Google 'no mates'; The Guardian hunts Autotrader 2.0

20 Mar 2017  |  Dominic Mills 
Google 'no mates'; The Guardian hunts Autotrader 2.0

As the pressure mounts, no-one is now going to put their head above the parapets and stick up for Google, writes Dominic Mills. Plus: a worthwhile investment of the Guardian's trust funds.

What a week. George Osborne’s appointment as editor of the Evening Standard - and I’ll leave my fellow columnist Ray Snoddy to dissect the move more fully - proves that, just as truth is stranger than fiction, real news is better than fake news.

But before we move on to Google’s latest travails, let’s just make a few observations on Osborne: a) this is a starfucker hiring when what the Standard, these days an increasingly shallow read that gets me no further than Clapham Junction on my evening commute (a mere nine minutes), needs is to return to proper journalism b) his experience with austerity budgets will come in handy c) watch out for arse-licking appearances of the Osborne family wallpaper in the lifestyle pages, and d) if he reduces the daily Delevingne count we may cut him some slack.

Back to Google, which after an earlier News UK-inspired furore in February, must this week feel as though UK plc is lining up to empty buckets of crap all over it: To wit...

- Sir Martin Sorrell, followed by first mate Johnny Hornby letting rip at the Guardian Media Summit
- Clients pulling their business
- Agencies, led by Havas, also pulling their business
- Politicians describing Google, along with Facebook and Twitter, as “prostitutes
- And monsterings from the Times and the Daily Mail.

It’s a little surprising that, of the agencies that could also hit Google in its pocket by withdrawing their business, only really Havas has so far stood up to be counted in public – described to me by one media player as as effective as taking the car off the road because the ashtrays are full.

So why haven’t the likes of Omnicom, Publicis and WPP? It must be our old friends the volume deals. Taking their business away or pulling it entirely would hit them in their pockets too.

As for Google and its senior executives, they must feel they are on trial in the court of public opinion. The pressure must be unbearable.

But here’s the thing. No-one is going to put their head above the parapets and stick up for Google. When they need some well-placed friends, they find they are Johnny-no-mates.

There’s a surprise. Whether it’s playing fast and loose on tax, pretending they’re just a tech company, or self-righteously playing the ‘do no evil’ card, Google has become the great dissembler. It has forgotten that with great power comes great responsibility. When you shrug off all responsibility, your ‘friends’ fall away fast.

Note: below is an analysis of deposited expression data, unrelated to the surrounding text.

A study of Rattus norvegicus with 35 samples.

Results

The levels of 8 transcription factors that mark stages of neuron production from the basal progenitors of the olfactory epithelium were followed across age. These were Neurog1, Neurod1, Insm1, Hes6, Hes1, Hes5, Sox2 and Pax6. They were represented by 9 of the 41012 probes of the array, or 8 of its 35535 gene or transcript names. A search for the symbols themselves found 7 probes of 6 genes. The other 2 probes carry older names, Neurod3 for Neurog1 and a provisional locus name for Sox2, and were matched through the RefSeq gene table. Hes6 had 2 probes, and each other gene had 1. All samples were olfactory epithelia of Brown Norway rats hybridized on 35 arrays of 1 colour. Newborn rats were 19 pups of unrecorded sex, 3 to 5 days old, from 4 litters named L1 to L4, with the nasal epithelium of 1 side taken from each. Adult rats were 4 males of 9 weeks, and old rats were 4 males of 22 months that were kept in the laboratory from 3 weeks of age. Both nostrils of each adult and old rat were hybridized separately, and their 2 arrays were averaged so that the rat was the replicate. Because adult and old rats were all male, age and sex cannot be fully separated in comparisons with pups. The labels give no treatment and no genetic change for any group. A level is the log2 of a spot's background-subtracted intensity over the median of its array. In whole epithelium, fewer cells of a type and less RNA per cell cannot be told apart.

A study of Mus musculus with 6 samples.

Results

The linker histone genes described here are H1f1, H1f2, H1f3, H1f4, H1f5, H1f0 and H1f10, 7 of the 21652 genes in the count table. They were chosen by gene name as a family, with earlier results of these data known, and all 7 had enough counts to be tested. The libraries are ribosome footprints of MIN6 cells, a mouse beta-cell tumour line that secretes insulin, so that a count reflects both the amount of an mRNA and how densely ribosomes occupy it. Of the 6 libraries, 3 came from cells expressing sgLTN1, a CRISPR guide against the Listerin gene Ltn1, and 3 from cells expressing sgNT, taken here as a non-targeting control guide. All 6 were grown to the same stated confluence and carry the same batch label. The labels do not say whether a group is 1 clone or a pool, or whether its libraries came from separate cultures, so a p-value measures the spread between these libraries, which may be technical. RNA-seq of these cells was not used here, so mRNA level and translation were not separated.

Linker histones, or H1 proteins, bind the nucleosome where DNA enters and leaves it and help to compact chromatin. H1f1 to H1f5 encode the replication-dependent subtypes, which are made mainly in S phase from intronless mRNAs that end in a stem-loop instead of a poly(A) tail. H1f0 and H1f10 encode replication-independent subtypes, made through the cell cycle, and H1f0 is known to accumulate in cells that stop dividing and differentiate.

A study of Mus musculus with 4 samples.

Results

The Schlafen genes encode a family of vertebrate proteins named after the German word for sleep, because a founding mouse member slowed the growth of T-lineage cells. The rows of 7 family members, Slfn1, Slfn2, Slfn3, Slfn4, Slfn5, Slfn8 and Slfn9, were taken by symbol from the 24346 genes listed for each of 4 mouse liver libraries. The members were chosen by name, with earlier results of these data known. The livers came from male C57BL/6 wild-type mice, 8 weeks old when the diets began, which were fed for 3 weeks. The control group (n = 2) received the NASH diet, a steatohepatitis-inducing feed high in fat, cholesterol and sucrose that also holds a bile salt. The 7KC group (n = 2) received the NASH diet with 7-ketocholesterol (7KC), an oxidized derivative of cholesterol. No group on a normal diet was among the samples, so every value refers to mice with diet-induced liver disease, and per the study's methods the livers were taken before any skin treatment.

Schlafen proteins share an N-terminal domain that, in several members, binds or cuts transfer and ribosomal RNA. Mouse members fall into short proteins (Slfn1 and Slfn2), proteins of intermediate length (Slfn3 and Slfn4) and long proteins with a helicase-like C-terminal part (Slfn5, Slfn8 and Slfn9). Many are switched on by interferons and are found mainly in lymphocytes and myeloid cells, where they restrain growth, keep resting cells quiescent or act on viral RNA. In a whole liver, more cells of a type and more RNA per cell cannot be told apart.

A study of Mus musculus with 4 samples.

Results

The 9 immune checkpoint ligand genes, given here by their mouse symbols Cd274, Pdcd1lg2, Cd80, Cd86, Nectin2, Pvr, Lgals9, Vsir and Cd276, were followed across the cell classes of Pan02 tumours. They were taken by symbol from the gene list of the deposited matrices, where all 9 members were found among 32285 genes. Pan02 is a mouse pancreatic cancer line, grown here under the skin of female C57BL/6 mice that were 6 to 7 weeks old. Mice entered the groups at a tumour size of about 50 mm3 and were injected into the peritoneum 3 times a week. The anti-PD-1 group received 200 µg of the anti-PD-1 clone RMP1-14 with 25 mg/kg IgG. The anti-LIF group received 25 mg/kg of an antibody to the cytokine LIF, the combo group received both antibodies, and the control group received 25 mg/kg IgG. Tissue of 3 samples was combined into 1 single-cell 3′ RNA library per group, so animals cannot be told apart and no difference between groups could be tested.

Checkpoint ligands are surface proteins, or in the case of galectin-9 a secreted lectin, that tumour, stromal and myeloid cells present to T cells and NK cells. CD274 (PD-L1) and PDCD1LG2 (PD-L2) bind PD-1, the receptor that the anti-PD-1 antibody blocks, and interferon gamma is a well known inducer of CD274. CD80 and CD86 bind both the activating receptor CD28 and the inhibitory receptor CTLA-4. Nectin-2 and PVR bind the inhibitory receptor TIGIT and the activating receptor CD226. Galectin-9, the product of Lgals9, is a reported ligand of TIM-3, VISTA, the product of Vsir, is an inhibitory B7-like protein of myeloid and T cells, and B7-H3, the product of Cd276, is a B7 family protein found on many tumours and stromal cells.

This saga will run for some time yet.

The Guardian needs another Autotrader - and it may have found one

This week the Guardian confirmed - six weeks after Mediatel first reported it, which doesn’t say much for its news sense - that its membership scheme had topped 200,000.

Wow. I must confess to being surprised and impressed. Holding out the begging bowl clearly works. When it launched the scheme last year, I expected a small take-up, concentrated only among superfans, especially amongst the north London liberal elite. But I am clearly wrong. Better still, members have quadrupled in numbers in less than nine months.

At £5 a month, that brings in £12m a year. It’s not to be sneezed at, but set against the newsbrand’s £69m trading loss last year, a predicted cash burn this year of £90m, and rebates of a few million a year to media agencies, it’s not much more than a finger in the dyke.

Indeed, the number of members exceeds by about 25% the number who buy the paper, according to the latest ABC figures for print, which show average daily sales for the Guardian of 154,444 - down 1.4% on the month before.

By the definition therefore, the members include many who do not buy the paper, or at least regularly. Which is a bit weird. If you really believed in the Guardian and wanted it to survive, you’d buy the paper, that being a far more lucrative source of revenue and one which, more over pays back twice - once with the cover price, and second as a bigger number to sell for display purposes.

But I don’t think this is going to happen. My guess is that a decent number of the 200,000 live abroad, or are lapsed readers holding some sort of residual warmth for the title, or people who don’t even like the Guardian, but feel strongly that it ought to survive.

Lovely as it sounds, these members are never going to butter the Guardian’s parsnips.

No, what it really needs is another Autotrader, the rich parent that has turned the paper into an institutional trustafarian, gleefully splurging the inherited money (I’m talking historically here) on all kinds of grand, but spurious plans.

And here’s the funny thing. The paper is one of the funders of what just might become Autotrader 2.0.

This one is a start-up called HelloCar, founded by Nic Carnell, one of whose previous businesses was sold to We Buy Any Car, so he clearly knows what he’s doing.

How did it do this? Well, through GMG’s part-funding of a cohort of media tech start-ups via the Brent Hoberman incubator/accelerator Founders Factory.

One of the cohort is HelloCar, which last month took a few baby steps - in this case raising £1m - towards its next stage.

Other start-ups backed by the Guardian at Founders Factory include self-serve video platform Vidsy, data-visualisation tool Flourish and Peopleio, which aims to help consumers monetise their data.

I’ll come back to Founders Factory - somewhat ironically, given the Guardian’s involvement, based in the Mail’s offices in Derry Street - in a future column.

But for the Guardian, spending a million here or there on start-ups in the hope that one pays off big time is a worthwhile investment of its trust funds.